BidFish in N$8,4 million loss

01 June 2018
Bidvest Namibia’s fishing division, BidFish, made a N$8, 4 million loss in the first half of the year, PSG Namibia said this week in an analysis of the company’s results.
Overall, Bidvest Namibia made a N$87 million profit for the six months ended 31 Dec 2017, but was weighed down by the poor performance of its fishing division.
According to PSG, the losses were attributed to currency appreciation, lower fish prices, regulatory levies increases and a moratorium that was placed on pilchard fishing early this year by the fisheries ministry.
 “Revenues in this division declined as expected, but margins surprised on the downside,” PSG said.
“The exchange rate, size mix and hard currency prices had significant effects on the fishing division’s margins.”
The low biomass of pilchards has affected all players in the sector, after a moratorium was placed on pilchard fishing until 2020 by the fisheries ministry.
It said the company could have beaten expectations if the Namibian dollar depreciated severely.
“The actual result was a strong appreciation in the Namibian dollar, which weighed on the fishing division. We foresaw that oil and other commodity price increases would increase margins for the freight and logistics division.”
PSG said with very little detail available on the planned sale of the fishing business, the conclusion of the deal could take time.
“Bidfish is not expecting to receive an increase in quotas in the near future and the company is downsizing its fishing vessel fleet as it has more capacity than quota allotted to them.”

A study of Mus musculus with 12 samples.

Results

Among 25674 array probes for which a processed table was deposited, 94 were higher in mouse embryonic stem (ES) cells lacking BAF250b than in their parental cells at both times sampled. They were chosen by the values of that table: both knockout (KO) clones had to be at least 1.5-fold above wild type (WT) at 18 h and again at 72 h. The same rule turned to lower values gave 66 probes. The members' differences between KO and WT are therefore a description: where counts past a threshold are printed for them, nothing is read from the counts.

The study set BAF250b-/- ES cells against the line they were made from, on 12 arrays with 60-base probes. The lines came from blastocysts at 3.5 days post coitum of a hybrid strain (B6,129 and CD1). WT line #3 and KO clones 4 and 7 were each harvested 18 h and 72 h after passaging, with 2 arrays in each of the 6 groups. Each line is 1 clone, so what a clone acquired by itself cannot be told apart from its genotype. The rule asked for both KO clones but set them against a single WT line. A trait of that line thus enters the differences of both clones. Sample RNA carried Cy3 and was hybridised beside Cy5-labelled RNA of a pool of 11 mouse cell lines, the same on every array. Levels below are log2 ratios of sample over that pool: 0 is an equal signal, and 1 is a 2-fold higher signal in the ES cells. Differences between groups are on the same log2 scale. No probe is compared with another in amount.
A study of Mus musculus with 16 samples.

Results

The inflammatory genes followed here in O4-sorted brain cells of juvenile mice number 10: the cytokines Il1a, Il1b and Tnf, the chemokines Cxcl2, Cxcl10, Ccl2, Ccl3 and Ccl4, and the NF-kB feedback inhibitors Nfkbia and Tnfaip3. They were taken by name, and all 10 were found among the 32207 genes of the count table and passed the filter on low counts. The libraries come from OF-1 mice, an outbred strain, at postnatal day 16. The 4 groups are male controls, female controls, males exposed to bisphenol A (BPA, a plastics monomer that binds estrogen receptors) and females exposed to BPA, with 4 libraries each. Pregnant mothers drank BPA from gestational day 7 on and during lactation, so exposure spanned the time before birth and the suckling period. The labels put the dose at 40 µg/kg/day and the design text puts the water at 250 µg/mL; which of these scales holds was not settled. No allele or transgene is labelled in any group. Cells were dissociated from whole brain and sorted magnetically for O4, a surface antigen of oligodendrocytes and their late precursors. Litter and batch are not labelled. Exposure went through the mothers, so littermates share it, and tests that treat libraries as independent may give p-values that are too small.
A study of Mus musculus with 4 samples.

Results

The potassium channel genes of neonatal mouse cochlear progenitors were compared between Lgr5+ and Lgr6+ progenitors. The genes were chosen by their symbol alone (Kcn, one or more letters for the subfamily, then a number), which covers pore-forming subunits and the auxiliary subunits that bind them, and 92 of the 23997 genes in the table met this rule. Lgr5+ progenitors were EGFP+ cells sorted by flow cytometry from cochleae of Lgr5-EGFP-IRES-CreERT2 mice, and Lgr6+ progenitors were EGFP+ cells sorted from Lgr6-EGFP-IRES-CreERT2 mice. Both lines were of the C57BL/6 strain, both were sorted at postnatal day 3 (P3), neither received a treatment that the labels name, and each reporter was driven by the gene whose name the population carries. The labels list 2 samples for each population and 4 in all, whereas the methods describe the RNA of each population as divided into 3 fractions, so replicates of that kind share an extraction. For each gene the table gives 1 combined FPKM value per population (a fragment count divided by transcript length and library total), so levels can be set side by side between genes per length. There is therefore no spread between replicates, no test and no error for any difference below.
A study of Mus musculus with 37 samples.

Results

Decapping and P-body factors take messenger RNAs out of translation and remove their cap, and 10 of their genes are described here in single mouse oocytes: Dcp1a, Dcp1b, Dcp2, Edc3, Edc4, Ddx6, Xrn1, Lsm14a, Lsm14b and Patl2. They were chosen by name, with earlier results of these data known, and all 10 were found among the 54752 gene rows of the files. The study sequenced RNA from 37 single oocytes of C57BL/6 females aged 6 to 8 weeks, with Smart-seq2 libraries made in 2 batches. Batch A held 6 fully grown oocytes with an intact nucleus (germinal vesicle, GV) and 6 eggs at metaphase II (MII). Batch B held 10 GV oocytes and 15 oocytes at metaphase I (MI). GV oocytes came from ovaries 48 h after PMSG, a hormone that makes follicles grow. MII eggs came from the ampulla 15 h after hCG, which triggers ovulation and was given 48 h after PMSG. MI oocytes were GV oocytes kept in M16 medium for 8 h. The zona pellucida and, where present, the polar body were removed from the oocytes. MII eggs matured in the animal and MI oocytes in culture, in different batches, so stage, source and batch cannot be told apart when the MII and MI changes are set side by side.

Bidvest has put the fishing division up for sale and media reports last month speculated that the division could be sold to Tunacor, a fishing company based in Walvis Bay.
PSG noted that Bidvest’s automotive division is largely at the mercy of the economic climate and government spending.
“The Novel Ford franchise does have power in its brands and should be able to ride out the cycle, but will see pressure in the near term. Slower government and consumer spending hamper growth in this division.”
PSG noted the group had now shifted its focus to customer services from sales.
“Sales in new vehicles declined over the reporting period, while used vehicle retail sales volumes remained fairly stable,” PSG said.
This comes as Novel Ford opened a second dealership in Windhoek to try to increase unit sales and accommodate better service delivery.
“This does not seem to have been successful, if looking at the -19.5 percent revenue growth in the First Half of 2018. If this new satellite office can just break even on its own, sales or services, this could aid toward receiving manufacturer’s incentives which would significantly impact the bottom line.”


The Windhoek Observer is an English-language weekly newspaper, published in Namibia by Paragon Investment Holding. It is the country's oldest and largest circulating weekly.